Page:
The IPC participated in the Second Global Thematic Dialogue for Indigenous Peoples and Local Communities on the Convention on Biological Diversity’s Post-2020 Global Framework for Biodiversity, organised to provide Indigenous peoples and local communities with an opportunity to reflect on recent developments in the post-2020 global framework for biodiversity, including the Zero Draft and the monitoring framework. The virtual meeting took place between 1 and 3 December.
The International Planning Committee for Food Sovereignty (IPC) is an autonomous and selforganised global platform of small-scale food producers and rural workers organisations, Indigenous Peoples and grassroots/community-based social movements whose goal is to advance the Food Sovereignty agenda at the global and regional level.
More than 6000 organizations and 300 millions of small-scale food producers self-organise themselves through the IPC, sharing the principles and the 6 pillars of Food Sovereignty as outlined in the Nyeleni 2007 Declaration and synthesis report.
We welcome the Regional Dialogues results and hope that we will continue to proceed with increasingly inclusive and participatory consultations. In this sense, we believe that it is crucial to widen participation, fully involving smallholders, small-scale fisherfolk, farmers and pastors. Since data indicate that smallholders manage about 75% of the world’s agricultural land  and that Indigenous lands make up around 20 % of the earth’s territory, containing 80 % of the world’s remaining biodiversity  – a clear sign that Indigenous Peoples are the most effective stewards of the environment-, we believe it is important to increase and ensure a fully inclusive and participatory consultation process.
We, the Indigenous Peoples, are the main protectors of biodiversity worldwide, so it is essential that we are recognised as the main decision makers. Target 20 of The zero draft of the Global Biodiversity Framework says that: “By 2030, ensure equitable participation in decision-making related to biodiversity and ensure rights over relevant resources of Indigenous Peoples and local communities, women and girls as well as youth, in accordance with national circumstances”.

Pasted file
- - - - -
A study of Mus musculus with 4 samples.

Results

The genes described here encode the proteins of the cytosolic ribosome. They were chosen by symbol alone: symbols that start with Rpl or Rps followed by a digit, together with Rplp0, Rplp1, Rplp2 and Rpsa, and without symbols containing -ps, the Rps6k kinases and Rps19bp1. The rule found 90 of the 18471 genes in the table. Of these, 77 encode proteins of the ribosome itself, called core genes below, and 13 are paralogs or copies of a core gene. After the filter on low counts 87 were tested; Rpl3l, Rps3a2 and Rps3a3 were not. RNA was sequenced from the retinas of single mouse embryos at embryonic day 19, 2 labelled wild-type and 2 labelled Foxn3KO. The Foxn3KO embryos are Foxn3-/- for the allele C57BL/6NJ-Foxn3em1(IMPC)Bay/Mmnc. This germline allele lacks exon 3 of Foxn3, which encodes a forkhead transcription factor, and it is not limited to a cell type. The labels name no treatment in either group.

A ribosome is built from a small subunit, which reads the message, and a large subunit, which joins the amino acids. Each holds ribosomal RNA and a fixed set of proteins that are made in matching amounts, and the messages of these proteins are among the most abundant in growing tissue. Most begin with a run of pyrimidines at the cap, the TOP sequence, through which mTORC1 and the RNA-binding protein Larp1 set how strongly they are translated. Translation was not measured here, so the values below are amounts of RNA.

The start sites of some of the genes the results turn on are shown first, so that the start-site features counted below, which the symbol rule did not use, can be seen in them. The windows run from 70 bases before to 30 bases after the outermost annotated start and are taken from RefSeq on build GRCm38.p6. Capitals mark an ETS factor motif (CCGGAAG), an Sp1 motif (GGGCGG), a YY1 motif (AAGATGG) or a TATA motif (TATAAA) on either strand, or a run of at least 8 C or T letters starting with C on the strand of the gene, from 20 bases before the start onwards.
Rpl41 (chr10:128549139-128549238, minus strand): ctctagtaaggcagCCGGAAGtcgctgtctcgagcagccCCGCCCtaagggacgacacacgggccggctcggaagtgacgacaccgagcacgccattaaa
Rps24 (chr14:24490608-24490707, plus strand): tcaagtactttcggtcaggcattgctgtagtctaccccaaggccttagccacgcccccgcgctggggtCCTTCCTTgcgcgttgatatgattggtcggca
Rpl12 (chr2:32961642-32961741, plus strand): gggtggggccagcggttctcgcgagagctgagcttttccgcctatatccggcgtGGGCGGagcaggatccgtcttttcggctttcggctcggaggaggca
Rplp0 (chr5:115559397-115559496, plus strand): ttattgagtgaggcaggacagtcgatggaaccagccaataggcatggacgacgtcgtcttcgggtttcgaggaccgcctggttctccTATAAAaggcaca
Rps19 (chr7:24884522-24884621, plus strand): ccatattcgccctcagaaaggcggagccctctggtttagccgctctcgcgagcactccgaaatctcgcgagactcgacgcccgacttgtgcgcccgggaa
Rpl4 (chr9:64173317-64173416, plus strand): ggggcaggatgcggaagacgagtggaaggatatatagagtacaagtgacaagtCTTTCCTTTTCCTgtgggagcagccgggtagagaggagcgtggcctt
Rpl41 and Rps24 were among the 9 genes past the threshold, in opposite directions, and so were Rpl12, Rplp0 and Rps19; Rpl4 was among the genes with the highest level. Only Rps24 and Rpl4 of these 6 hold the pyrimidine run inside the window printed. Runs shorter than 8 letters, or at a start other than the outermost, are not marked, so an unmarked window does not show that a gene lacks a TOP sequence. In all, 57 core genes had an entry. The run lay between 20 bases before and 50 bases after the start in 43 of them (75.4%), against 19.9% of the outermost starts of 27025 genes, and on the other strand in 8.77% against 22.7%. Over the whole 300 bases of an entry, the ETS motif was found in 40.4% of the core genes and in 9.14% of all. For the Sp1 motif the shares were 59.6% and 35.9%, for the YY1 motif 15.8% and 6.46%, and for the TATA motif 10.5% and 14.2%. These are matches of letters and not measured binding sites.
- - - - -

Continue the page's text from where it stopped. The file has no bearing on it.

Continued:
We need a more ambitious target – IPLCs should have a leadership position in decision-making.
The participation at all decision-making processes about PGRFA at local, sub-national, national and regional levels should be ensured, and there should be at least 50% women participating; governements should provide resources to Indigenous Peoples’ and peasants’ organizations for capacity building, and to enable attendance to ensure effective participation in decision-making processes.
Governments should also establish a dedicated mechanism inclusive of Indigenous Peoples’ and peasants’ organisations on PGRFA within cross-sectoral governing bodies, especially agriculture, education, research, extension and trade, to ensure sustained dialogue between farmers’ organizations and government (including research, extension and educational institutions), and they should ensure that all the documents are disseminated to farmers’ organisations with sufficient time for due consideration in order to ensure effective participation in decision-making processes.
There is a strong need to implement measures to this effect at the national level as soon as possible. We also believe that Target 19 should be completely revised. It is against the participation and inclusion of IPs and LCs to recommend that “quality information, including traditional knowledge, should be available to decision-makers and the public for effective biodiversity management…”. IPLCs should have the right and responsibility to guide decisions affecting biodiversity management, rather than having to “make available” traditional knowledge to them with the risk that it will be further exploited and misapplied and decontextualised by policy makers.
It should be clear that our target is not 2030, the target is today, it was already yesterday.
Finally, ensuring Indigenous Peoples and Local Communities’ inclusion is not just about benefit sharing issue, but it’s about human rights.
In rare cases, we have seen a dialogue proposed on the threats that affect IPLCs daily, and this should also be reflected in the GBF: it is essential to address the issues of inclusion and participation, but it is equally necessary to find solutions that address the issues affecting IPLCs through a more holistic approach that recognizes the inextricable link between biodiversity and related cultures and knowledge and that is based on respect for human rights as a key to biodiversity conservation.
We hope that the next Global Biodiversity Framework will move away from the classic colonial mind-set of exploiting biodiversity and the traditional knowledge related to it, with an approach that includes and considers the human being as an integral part of an ecosystem, and not as an entity abstract and different from it, as the same goal for 2050, “Living in harmony with nature” seems to suggest today.